Students Develop a Smart Robotic Arm

Robotic prosthetic arms are high tech, big ticket items. Yet their purpose is simply to restore an amputee’s basic human abilities. This gap between need and cost didn’t sit well with Hamayal Choudhry, a mechatronics engineering student at the University of Ontario Institute of Technology. “We have so much cutting edge technology these days,” he says, “yet it’s only being used for commercial or industrial purposes. But there’s this whole other opportunity to improve people’s lives.”

Choudhry had an opportunity to act on his philanthropic engineering instincts at a hackathon at the university this January. It was there that he ran into a friend from middle school, who he hadn’t seen in years, Samin Khan. Khan was studying computer science at the university. “We shared similar sentiments,” says Choudhry. So they decided to team up. “That’s where we came up with this idea to combine computer vision and machine learning in a way that was very accessible and cheap for everyone to use.”

Within 24 hours they had a prototype of a robotic arm with a camera in its palm to recognize objects—no mean feat as the hackathon took place over the weekend, a tough time to find spare engineering parts. So they had to make do with what they had. “We pulled together cardboard, straws, and skewers and stuff,” says Choudhry. They 3-D printed the outside of the arm, used various servo motors—calibrated in the code to work similarly—and rubber bands for tension for the fingers. With this day-old prototype the pair managed to win Microsoft’s Sponsor Award at the hackathon. 

In the months since then, the SmartARM, as they call it, has gone through some changes. Choudhry and Khan looked at other prosthetics and found that there was little they could borrow from them. Existing robotic prosthetics use complicated neurological connections which are used to determine movements. They’re made with high-grade materials and designed to be used over the long term. “That’s how they drive the cost up to $100,000,” says Choudhry. “The functionality that we had in mind was a lot different than what was out there.”

Instead of relying on signals sensed from the body, Choudhry and Khan wanted to use computer vision to do the processing. The computer would identify the object a person might want to grab and the robotic hand would have the appropriate grip ready.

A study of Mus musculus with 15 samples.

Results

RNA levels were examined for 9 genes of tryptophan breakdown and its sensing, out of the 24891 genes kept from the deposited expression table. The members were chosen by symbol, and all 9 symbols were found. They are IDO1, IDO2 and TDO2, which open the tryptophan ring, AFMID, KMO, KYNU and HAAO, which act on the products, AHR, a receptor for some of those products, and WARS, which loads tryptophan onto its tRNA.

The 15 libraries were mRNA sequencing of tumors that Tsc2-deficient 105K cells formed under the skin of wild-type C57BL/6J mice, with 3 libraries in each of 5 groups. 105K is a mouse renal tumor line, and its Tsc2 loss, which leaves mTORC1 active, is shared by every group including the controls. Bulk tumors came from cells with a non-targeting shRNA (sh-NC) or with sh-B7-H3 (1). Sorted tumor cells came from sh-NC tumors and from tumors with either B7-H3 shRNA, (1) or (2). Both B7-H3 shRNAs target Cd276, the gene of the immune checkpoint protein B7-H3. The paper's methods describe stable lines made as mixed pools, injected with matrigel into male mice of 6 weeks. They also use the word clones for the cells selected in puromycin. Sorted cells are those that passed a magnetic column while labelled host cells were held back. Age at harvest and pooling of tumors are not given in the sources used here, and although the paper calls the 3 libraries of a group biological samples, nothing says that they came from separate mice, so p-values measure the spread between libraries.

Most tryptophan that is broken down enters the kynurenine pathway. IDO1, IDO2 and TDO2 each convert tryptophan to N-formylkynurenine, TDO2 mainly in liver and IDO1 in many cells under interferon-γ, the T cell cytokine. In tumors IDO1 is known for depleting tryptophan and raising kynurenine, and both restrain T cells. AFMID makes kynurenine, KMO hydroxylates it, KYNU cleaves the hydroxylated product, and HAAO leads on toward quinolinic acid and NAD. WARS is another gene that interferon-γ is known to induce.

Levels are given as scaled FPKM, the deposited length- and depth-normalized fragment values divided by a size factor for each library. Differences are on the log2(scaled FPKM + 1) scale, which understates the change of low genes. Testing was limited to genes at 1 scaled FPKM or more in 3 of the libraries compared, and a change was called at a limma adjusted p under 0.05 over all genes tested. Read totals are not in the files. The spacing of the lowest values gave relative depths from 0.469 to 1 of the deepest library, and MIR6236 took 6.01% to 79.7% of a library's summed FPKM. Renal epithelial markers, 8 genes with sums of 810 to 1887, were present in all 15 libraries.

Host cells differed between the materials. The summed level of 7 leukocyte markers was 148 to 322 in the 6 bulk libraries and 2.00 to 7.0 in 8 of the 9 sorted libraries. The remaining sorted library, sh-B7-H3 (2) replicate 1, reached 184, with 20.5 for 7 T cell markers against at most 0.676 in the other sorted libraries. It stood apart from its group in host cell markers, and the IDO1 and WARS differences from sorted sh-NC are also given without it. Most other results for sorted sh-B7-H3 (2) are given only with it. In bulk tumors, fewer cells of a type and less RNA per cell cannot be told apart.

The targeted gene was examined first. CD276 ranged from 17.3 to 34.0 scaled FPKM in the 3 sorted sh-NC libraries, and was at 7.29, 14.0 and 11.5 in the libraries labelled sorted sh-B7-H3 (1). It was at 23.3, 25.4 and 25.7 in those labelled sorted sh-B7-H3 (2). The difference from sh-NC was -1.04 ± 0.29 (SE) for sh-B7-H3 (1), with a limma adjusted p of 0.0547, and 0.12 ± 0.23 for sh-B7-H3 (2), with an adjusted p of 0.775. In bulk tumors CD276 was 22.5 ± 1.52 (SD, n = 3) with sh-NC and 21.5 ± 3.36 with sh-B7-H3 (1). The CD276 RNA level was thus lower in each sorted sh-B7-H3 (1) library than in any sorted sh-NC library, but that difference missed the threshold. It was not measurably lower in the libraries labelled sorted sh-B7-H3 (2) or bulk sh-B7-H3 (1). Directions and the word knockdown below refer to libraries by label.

To keep costs down, they are now using a custom-designed chip—it does exactly what they need and has a small footprint as well. They 3-D print the body of the arm so “someone who wants to embrace the fact that they are an amputee might be interested in having a futuristic sleek robotic prosthetic.” For those who don’t want to stand out, they have a cosmetic glove that goes over the prosthetic to make it look a normal hand. And the rubber bands have disappeared, replaced with low-cost gears and motors.

The SmartARM was originally meant to recognize objects and then form a grip accordingly. But recently Choudhry and Khan have started moving toward 3-D shape recognition. Instead of having to know a bottle is a bottle, it will simply recognize the cylinder. They are also looking into using tactile sensors on the fingers so the hand will better know the strength of the grip to use.

But the technical innovations are only a part of the work that’s gone into making the arm. The pair have been in contact with amputee groups to understand their actual needs. They learned, for instance, that the socket of a prosthetic—the part that touches the amputee’s body, is covered by Canadian insurance. So they didn’t need to make one for their Canadian market. But they did have to mount all their electronics in the palm of the hand instead of the socket. They also learned that in the U.S. only the socket is considered a medical device. The rest is an accessory, so the team will not have to seek FDA approval. 

By keeping the price low, people that might not otherwise be able to afford a robotic arm will have a chance to grab and grip things again. This includes children. With a price-tag in the five and six digits, most amputees don’t chose a robotic prosthetic until they’re done growing. With a low cost 3-D printed arm, a child could get a new one with each growth spurt.

Choudhry and Khan—still just 20-years-old—have done their technical, legal, and sociological research in a matter of months. Their product wowed judges at this year’s Microsoft Imagine Cup. They won first prize and received more than $130,000 in cash and grants. The award speaks not just to their technical abilities, but to the depths of their thinking about real needs.

“We are not just setting how to solve problems with technology,” says Choudhry. “Our overall vision is to combat real-world problems in any way we can.”
Michael Abrams is an independent technology writer based in New Jersey.